BEDFORD-STUYVESANT — A city bid to increase affordable housing through zoning changes was shot down by the local community board Monday night, after residents railed against the plan, saying they feared the move would eventually force them out of the area.
Brooklyn’s Community Board 3 voted against the city’s “Zoning for Quality and Affordability” and “Mandatory Inclusionary Housing” amendments Monday, following a more than an hour-long heated discussion between the Department of City Planning and locals in opposition of the suggestions.
C. Doris Pinn, chair of the Housing and Land Use committee, said the group recommended to vote against both proposals with several points in mind: residents did not want to give up parking spaces, and the proposed changes did not align with the committee’s vision in maintaining the neighborhood’s character.
Locals said they also feared that the city's proposal would open the door to gentrification and increase unwanted taller buildings in the neighborhood.
“Everybody wants to rezone us, and it’s always 'in our best interest.' It’s not in our best interest, it’s in your best interest,” said resident Demetrice Mills, addressing city reps to applause and agreement from audience members.
“The question here is, what are you really trying to do? Are you trying to move us out of the community?”
The two proposals come as part of Mayor Bill de Blasio’s initiative to address the affordable housing crisis, according to agency representatives.
The Mandatory Inclusionary Housing proposal would require developers to make portions of any new residence available below market rate, as well as requiring them to be “permanently affordable.”
Under Zoning for Quality and Affordability, the city would tack on up to 20 additional feet to building height allowances to make enough room for affordable housing as well as to “encourage buildings’ attractiveness,” according to city planning officials.
The city also wants to eliminate some parking lot requirements for some affordable and senior housing units in the community, saying that Bed-Stuy is one of the city's "transit zones" that has easy access to public transportation.
“We find that in affordable housing, the parking does not get used,” said Winston Von Engel, Director for DCP's Brooklyn Borough Office. “It is built, it is provided, but it is not used because it is still charged for.”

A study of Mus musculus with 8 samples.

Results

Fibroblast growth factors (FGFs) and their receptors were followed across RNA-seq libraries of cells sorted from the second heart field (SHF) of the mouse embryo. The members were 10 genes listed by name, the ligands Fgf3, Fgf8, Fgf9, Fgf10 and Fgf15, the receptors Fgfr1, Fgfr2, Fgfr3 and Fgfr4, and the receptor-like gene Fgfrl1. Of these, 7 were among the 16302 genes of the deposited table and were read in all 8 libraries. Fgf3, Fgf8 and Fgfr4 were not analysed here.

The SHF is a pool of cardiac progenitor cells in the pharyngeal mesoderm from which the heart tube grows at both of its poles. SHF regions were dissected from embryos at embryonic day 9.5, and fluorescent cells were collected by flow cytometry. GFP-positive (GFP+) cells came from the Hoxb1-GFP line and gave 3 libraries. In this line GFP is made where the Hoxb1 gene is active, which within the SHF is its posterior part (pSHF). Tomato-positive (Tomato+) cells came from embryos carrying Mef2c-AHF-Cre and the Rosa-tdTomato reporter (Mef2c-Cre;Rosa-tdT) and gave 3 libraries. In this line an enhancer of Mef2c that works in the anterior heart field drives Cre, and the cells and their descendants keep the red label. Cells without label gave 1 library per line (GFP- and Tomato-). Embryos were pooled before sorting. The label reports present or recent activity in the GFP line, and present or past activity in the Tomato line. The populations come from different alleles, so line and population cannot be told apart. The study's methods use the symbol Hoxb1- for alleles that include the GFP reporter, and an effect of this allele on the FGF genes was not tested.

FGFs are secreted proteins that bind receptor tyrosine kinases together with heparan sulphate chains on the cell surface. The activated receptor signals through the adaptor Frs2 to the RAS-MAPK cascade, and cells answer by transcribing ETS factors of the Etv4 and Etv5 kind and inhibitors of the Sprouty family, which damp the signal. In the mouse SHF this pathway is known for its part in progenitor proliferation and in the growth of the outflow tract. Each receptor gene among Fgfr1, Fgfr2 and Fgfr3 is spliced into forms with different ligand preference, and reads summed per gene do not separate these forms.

“If you don’t want to believe us about affordable housing and the cost of parking, by all means, vote it down,” Von Engel continued. "But I do encourage you to look at affordable housing and the parking lots that do exist, and look to see how well that parking is used. Think about whether or not our tax dollars are best invested in parking that does not get used.”
A total of 75 percent of residents in Bed-Stuy do not use cars to commute to work, he added, and lower-income families generally have "very low" car ownership.
The statement drew the ire of many attendees at Monday's presentation.
“It’s really disrespectful to come to us and say that we don’t own cars, or that we don’t drive,” Mills said.
Attendees added that while the neighborhood may be “transit rich,” it is not “transit efficient.”
Critics also expressed concerns with future rezonings, saying that in another five years, the city would likely return with plans to rezone the neighborhood.
Vaughn Armour, a longtime resident of Crown Heights, urged Bed-Stuy community members to “not be fooled.”
“I heard this story before in Community Board 9, how beautiful it’s going to be, and the low-income housing,” Armour said. “This is another way of gentrification of the community, that’s all it is.”
Critics said adding stories to new buildings to provide affordable units is not an adequate long-term solution.
They said because tenant selection for the new affordable units will still be based on a lottery system, locals may not be guaranteed a chance at the units.
Department of Housing Preservation & Development officials argued that the new, affordable apartments would have a 50 percent preference for those living within the community district.
The proposals will now undergo review from the City Planning Commission and the City Council.